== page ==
Safety of smart motorways to be reviewed
An all-party parliamentary group is to review the safety of ‘smart motorways’ to determine whether they are more dangerous for drivers and other users than traditional motorways.
Introduced in England in 2014, smart motorways aim to keep traffic moving by converting the existing hard shoulder into an ‘active’ fourth lane when required and controlling speed limits. Smart motorways feature emergency pull-ins, or refuges, should a vehicle need to stop, although these can be some distance apart.
A recent RAC survey found that most road users did not know what to do if they broke down on a smart motorway.
Chaired by former transport minister Sir Mike Penning the review is being launched just weeks after police expressed concerns that the roll-out of smart motorways was making it more difficult for them to catch dangerous drivers.
Speaking at the National Roads Policing Conference last month, David Blundell, who leads on roads policing for the Police Federation of England and Wales (PFEW), said: “The difficulty with smart motorways is that they are difficult for the police to operate on, there’s no hard shoulder, so where do we safely stop another motorist if they have committed an offence or we want to give them some advice?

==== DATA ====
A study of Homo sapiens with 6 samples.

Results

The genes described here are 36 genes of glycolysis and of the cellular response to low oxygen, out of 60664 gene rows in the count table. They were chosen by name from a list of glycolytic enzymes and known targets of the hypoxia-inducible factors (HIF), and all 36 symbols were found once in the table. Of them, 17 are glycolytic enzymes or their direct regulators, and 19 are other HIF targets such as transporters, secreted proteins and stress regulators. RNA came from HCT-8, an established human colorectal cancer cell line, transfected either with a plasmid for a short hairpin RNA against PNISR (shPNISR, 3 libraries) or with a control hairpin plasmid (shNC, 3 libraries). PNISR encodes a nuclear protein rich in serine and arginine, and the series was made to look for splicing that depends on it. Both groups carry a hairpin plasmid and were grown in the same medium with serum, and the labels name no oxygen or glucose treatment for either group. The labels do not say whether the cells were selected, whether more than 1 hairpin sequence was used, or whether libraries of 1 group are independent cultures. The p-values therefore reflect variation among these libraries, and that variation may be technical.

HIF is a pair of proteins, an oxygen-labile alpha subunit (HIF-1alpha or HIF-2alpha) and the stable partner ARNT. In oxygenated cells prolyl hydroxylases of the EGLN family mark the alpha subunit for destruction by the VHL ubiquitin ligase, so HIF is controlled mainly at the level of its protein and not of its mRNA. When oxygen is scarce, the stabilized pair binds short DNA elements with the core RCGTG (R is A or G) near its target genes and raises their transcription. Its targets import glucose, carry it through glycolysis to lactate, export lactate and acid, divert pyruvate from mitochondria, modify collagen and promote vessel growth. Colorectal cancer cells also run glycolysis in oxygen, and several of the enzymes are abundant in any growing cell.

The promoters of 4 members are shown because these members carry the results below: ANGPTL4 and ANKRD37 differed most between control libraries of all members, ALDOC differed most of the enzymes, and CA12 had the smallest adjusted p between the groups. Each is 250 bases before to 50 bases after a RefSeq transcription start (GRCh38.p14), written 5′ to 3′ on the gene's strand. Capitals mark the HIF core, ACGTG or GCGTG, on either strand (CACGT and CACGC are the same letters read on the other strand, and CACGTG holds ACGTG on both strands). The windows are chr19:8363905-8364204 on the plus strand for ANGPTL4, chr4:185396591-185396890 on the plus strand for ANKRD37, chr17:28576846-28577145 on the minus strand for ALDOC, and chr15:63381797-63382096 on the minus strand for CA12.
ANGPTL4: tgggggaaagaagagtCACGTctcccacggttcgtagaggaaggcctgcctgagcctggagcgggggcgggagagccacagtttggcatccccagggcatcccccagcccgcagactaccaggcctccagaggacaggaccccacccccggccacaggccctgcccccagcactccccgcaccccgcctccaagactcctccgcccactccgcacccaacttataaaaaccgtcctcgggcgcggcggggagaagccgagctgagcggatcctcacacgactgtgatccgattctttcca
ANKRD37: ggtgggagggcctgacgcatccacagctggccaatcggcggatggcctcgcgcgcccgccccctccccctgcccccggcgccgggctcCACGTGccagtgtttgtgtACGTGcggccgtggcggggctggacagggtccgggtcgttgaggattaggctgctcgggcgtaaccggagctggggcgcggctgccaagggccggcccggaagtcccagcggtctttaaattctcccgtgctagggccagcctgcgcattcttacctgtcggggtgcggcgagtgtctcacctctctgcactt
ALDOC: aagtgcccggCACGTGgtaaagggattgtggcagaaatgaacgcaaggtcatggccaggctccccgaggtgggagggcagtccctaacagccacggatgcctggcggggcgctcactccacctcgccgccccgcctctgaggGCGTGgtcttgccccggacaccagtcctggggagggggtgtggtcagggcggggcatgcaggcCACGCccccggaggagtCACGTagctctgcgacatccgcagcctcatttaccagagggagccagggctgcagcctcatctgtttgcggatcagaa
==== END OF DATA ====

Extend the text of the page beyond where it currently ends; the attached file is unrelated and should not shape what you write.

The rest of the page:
“The answer is we can’t and we have to wait miles and miles and miles until we’re able to do that. There are lots of questions that need to be asked.”
Highways England said: “Smart motorways are good for drivers… and evidence proves they are as safe as traditional motorways, which are already among the safest roads in the world.”
However, its own study, Highways England, found that one in five drivers ignored the warning red cross that appears above a lane which needs to close because of an obstruction, which could easily lead to an accident, particularly where rescue workers are operating.
The all-party parliamentary group will also look at measures to keep vehicle recovery operators safe while working on smart motorways and other UK roads following a number of fatalities.
PFEW chair John Apter also warned of the potential dangers presented by the motorways.
“The motorway is a hostile environment to be on out of the vehicle. Tragically, we see more people killed who have been involved in a relatively minor collision who get out their vehicle on the hard shoulder and are hit,” he said.
“We have police officers who have been killed or have been seriously injured when they stop on the hard shoulder. Smart motorways must take all of that into account as it does cause a greater risk.”